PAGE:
Cell phone sensors detect radiation to thwart nuclear terrorism

Posted by in categories: defense, existential risks, nuclear weapons

PhysOrg.com is reporting that researchers at Purdue University are working to develop a system that would use a network of cell phones to track radiation in an effort to prevent terrorist attacks with dirty bombs or nuclear weapons. Tiny solid-state radiation sensors are already commercially available and the additional circuitry would not add significant bulk to portable electronic products.

The researchers tested the system and demonstrated that it is capable of detecting a weak radiation source 15 feet from the sensors. A fully developed system could cover a nation with millions of cell phones equipped with radiation sensors able to detect even light residues of radioactive material. Because cell phones already contain global positioning locators, the network of phones would serve as a large scale tracking system that would require no intervention from individual users.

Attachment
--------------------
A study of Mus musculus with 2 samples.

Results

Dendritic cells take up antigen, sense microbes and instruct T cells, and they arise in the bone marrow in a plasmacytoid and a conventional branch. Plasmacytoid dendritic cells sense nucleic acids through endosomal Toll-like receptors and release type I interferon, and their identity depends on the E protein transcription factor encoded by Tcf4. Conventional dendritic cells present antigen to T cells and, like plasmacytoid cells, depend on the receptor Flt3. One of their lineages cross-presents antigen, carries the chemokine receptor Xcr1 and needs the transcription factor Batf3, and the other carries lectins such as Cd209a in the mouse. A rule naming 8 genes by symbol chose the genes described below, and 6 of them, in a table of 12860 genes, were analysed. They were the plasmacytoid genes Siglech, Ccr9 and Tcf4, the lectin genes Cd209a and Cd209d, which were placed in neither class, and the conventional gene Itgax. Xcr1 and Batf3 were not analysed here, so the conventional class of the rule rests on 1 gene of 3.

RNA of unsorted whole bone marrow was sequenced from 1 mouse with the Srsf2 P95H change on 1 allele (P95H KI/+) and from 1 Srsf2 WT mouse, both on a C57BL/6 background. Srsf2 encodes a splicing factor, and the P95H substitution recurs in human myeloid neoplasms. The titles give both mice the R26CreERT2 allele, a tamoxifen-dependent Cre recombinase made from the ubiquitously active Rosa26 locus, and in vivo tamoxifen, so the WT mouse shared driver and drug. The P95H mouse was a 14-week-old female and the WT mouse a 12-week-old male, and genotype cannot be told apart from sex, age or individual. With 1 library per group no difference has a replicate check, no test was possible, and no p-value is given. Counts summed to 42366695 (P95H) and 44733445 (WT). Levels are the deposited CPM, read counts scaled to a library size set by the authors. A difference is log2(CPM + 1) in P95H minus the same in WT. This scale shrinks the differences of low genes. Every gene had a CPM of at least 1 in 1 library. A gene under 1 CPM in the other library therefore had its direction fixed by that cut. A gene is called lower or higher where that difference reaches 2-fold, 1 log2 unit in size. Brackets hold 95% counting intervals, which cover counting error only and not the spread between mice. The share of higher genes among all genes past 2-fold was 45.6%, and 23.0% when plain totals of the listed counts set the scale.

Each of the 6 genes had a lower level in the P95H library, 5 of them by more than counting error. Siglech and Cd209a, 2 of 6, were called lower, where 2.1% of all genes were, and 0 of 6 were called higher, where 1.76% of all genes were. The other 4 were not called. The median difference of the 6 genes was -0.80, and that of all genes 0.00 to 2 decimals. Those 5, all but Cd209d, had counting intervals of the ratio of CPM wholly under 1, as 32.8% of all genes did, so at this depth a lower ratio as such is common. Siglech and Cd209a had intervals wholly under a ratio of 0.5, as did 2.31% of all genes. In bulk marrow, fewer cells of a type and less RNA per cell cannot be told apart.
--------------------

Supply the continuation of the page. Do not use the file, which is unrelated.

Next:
That’s simply brilliant! I just love the concept of a distributed “immune system” like that.


    I thought the same thing when I first read about it and wondered what other scenarios it would carry over to. Perhaps distributed cell phone sensors for biological agents, etc. If the cell phone companies can convince people of the need for people to “donate” their participation voluntarily into the network, it could be an effective counter measure against these threats.